You’re facing a blank page. You’re stuck debating a tough choice. You’re trying to navigate a never-ending to-do list. What now?
There are always going to be times when you’re feeling stuck. While it may seem counterintuitive, one of the most valuable things you can do to get moving again in these situations is to stop and think.
Understanding how you think is important, but just as important is taking time out of the daily whirlwind to really think. Uninterrupted thinking is the most essential ingredient for a more creative, productive and satisfying life. Sometimes that time is best spent daydreaming but other times you’ll want to plan for some active thinking.
There are a number of different questions you can ask yourself to prompt powerful thinking. The ones you choose will depend on what’s relevant, what you’re feeling stuck about and what works for you.
Here are a few “think abouts” to get you started on the right track.
1. Think about your “inputs.”
Many people go to work, take one look at their inbox, and immediately begin stressing.
That’s because our emails are often teeming with undefined “stuff” that’s much easier to avoid than to process. The result is usually dealing with only the most recent and most urgent items. This approach means your day is governed by reaction rather than choice, leaving you in a state of constant crisis.
Of course, email is only one source of “stuff.” You’ve also got voicemails, text messages, chat alerts, people dropping in, and all the other interruptions and distractions of daily life. These are all “inputs” that are shouting out for your attention – even if they don’t all require the same amount or depth of thinking.
Think about how you can deal with all of these inputs. For each one that comes in, ask can I:
Do something about this? We tend to forget that not everything requires action. Only some of your inputs call for follow-up; the rest can be filed away for future reference.
Do it right now? If the required action will only take a few minutes consider doing it immediately. Knock your to-dos down as quickly as possible, because the longer you wait, the more things will pile up.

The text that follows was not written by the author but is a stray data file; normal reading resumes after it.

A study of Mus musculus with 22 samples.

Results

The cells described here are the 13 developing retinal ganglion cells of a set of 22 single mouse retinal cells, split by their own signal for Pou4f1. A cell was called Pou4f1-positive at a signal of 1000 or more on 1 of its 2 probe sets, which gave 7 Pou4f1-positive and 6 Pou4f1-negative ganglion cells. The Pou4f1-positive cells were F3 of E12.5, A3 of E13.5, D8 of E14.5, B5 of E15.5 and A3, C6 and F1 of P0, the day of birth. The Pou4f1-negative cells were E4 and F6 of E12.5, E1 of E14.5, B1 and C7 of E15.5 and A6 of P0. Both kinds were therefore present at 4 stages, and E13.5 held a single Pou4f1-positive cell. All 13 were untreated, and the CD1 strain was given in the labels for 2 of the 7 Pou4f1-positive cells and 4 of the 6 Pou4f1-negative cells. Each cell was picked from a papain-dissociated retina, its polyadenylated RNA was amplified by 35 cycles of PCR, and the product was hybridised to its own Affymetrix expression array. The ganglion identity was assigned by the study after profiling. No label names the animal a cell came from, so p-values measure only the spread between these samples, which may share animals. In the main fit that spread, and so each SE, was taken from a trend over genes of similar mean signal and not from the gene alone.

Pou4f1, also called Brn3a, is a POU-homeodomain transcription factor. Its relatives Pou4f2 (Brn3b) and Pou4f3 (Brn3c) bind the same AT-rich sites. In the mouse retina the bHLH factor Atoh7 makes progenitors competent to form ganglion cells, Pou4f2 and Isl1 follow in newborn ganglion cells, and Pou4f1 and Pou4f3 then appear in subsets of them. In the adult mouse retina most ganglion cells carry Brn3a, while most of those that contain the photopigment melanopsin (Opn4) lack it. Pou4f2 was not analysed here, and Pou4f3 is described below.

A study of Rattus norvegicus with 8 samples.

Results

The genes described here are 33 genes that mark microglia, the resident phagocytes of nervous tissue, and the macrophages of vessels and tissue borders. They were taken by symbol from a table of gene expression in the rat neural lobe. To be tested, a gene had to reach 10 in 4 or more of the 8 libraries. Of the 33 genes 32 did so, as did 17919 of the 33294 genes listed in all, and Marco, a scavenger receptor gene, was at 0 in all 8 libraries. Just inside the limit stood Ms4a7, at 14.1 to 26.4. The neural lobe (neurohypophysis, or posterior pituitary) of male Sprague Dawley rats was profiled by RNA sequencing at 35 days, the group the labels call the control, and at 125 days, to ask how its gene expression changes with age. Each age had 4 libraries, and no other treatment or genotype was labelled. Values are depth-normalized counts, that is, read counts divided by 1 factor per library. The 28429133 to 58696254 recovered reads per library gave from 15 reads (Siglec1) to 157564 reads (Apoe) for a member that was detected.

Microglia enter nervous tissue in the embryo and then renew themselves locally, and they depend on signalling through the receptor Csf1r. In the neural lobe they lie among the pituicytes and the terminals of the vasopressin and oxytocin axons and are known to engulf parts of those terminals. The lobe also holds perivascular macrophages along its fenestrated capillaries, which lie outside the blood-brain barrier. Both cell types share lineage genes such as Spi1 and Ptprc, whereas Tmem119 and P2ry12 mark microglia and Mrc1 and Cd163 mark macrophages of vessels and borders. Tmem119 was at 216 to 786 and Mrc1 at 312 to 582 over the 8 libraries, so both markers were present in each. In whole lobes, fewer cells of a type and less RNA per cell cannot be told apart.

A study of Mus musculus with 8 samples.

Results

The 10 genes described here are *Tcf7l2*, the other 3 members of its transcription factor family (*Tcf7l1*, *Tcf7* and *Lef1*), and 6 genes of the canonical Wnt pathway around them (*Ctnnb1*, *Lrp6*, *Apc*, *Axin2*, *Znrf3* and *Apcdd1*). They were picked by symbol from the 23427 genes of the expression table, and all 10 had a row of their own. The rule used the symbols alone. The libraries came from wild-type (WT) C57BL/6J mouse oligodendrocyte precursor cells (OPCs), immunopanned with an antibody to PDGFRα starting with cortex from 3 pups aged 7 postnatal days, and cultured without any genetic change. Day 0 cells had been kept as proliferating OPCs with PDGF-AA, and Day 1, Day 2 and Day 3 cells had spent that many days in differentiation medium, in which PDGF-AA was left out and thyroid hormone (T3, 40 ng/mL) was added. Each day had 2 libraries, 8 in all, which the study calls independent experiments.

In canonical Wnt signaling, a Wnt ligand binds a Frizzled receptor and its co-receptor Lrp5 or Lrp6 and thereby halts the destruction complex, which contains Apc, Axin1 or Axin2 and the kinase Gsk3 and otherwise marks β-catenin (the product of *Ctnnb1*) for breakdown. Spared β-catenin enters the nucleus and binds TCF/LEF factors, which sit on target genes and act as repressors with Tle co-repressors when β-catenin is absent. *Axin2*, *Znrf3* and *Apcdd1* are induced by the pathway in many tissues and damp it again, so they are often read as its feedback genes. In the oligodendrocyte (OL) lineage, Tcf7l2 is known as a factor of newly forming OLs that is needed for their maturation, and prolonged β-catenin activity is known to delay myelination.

Write a reminder to do it later? When you don’t need to take immediate action, you can “park” a reminder about it. Just be sure to include a deadline so it doesn’t keep getting pushed further down.
2. Think about your dos and don’ts
Review your calendar every so often and reflect on your activities. Are there any tasks you can stop doing? If so, add them to your not-to-do list.
Then move onto your to-do list. Set priorities by scanning the list and choosing your MIT (Most Important Thing) for the day. When possible, complete this task first thing in the morning.
It’s also useful to sort tasks based on the amount of mental effort they require. Tackle your most taxing activities during the times of day when your energy peaks. This approach maximises your productivity considerably.
3. Think about decisions you need to make.
It’s common to feel stuck when you’re facing a big decision or a potentially life-changing choice. Keep in mind, the bigger a decision, the more thinking it requires. Brainstorm a list of possible options, and ask four questions about each one:
What will I get in return for the amount of time, money and other resources that I invest in this option?
How will I implement this decision?
Who will be affected by this decision?
If I choose this option, will I be happy with it in the future?
Another good option if you’re still feeling stuck: Stimulate your thinking by using the method Suzy Welch explains in her book, 10-10-10: 10 Minutes, 10 Months, 10 Years, a Life Transforming Idea.
“When faced with a decision,” she writes, “determine the consequences and outcomes of your various options in 10 minutes, 10 months, and 10 years.”
4. Think about what you learned today.
Shut the door to your office and turn off all your electronic devices. Sit down and ask yourself:
How successful was I at getting things done today?
Did I run into problems as I interacted with other people?
Did I hit a wall in coming up with a result that would work for my clients/coworkers/me?
What will I do differently tomorrow?
It gives you the space to reflect and the tools to keep moving forward.
5. When you’re really pressed for time…
If you only take time for one question each day, consider the following, adapted from Stephen Covey’s book The Seven Habits of Highly Effective People:
What one thing could I do on a regular basis that would make a tremendous positive difference in my life?
That one will give you plenty to think about.